Cincinnati Children's Blog

Study Shows Biologic Basis for Difficult-to-Treat Asthma

Study Shows Biologic Basis for Difficult-to-Treat Asthma

Asthma is a frustrating condition for patients, parents and doctors alike, for many different reasons.

From my perspective, it’s frustrating because not all patients respond well to treatment; in fact, 40-70% of patients do not respond optimally to the treatments we currently have for chronic and acute asthma.

As a pediatric allergist and immunologist, I am discouraged that there aren’t better treatment options for this subset of patients and as a researcher, I want to understand why corticosteroids don’t help them. So my research team and I embarked upon a study to see if we could find a biologic reason for this discrepancy.

Medication compliance and environmental and socioeconomic factors have long been considered barriers to successful asthma treatment. But when patients are hospitalized for asthma, their situations are the same. They’re receiving the proper doses of medicine at the right time and their environment is consistent. And yet some respond well to corticosteroids and others don’t. With a mostly controlled environment, this offered the perfect backdrop for us to determine if any biologic factors play a role.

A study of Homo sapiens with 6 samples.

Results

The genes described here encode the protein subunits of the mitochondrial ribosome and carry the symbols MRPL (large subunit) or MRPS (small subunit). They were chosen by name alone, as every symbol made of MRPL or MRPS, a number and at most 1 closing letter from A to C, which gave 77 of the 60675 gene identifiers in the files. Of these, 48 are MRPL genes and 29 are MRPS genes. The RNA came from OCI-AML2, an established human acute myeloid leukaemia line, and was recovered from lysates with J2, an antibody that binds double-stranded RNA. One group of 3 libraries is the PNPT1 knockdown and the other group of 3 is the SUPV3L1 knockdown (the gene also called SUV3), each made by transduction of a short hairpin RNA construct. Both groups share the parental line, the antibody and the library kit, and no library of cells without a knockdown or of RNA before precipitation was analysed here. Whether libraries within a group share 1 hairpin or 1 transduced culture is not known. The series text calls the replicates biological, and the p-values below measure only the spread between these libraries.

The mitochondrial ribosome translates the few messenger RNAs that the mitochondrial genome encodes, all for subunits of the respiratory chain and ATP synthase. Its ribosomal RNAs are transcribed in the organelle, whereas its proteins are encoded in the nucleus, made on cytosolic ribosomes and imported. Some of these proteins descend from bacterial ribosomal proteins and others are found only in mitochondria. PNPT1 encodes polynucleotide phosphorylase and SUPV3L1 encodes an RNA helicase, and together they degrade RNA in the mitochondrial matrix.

We studied the genes of patients who were hospitalized for asthma and determined that those patients who responded well to corticosteroids and those who didn’t have differences in the expression of the gene VNN-1. In other words, VNN-1 gene expression is required for corticosteroids to work during an asthma attack.

So what does this mean for patients who have hard-to-treat asthma? A couple of things: It first means that we have a biomarker – a biologic basis to explain why patients don’t respond well to corticosteroids. This exciting first step means that one day down the road if a patient isn’t responding well to treatment we could potentially test for VNN-1 expression (more research is being conducted in this area to determine how viable this is).

Second, if we determine that this patient with hard-to-treat asthma does not have the proper VNN-1 expression, this biomarker opens the door for us to try a new and different therapy. We are currently studying potential drugs for this purpose.

Patients with difficult-to-treat asthma account for over 50% of the healthcare costs associated with asthma. I am excited about the findings in this study because it could potentially lead to a different and effective treatment for patients who fall into this category.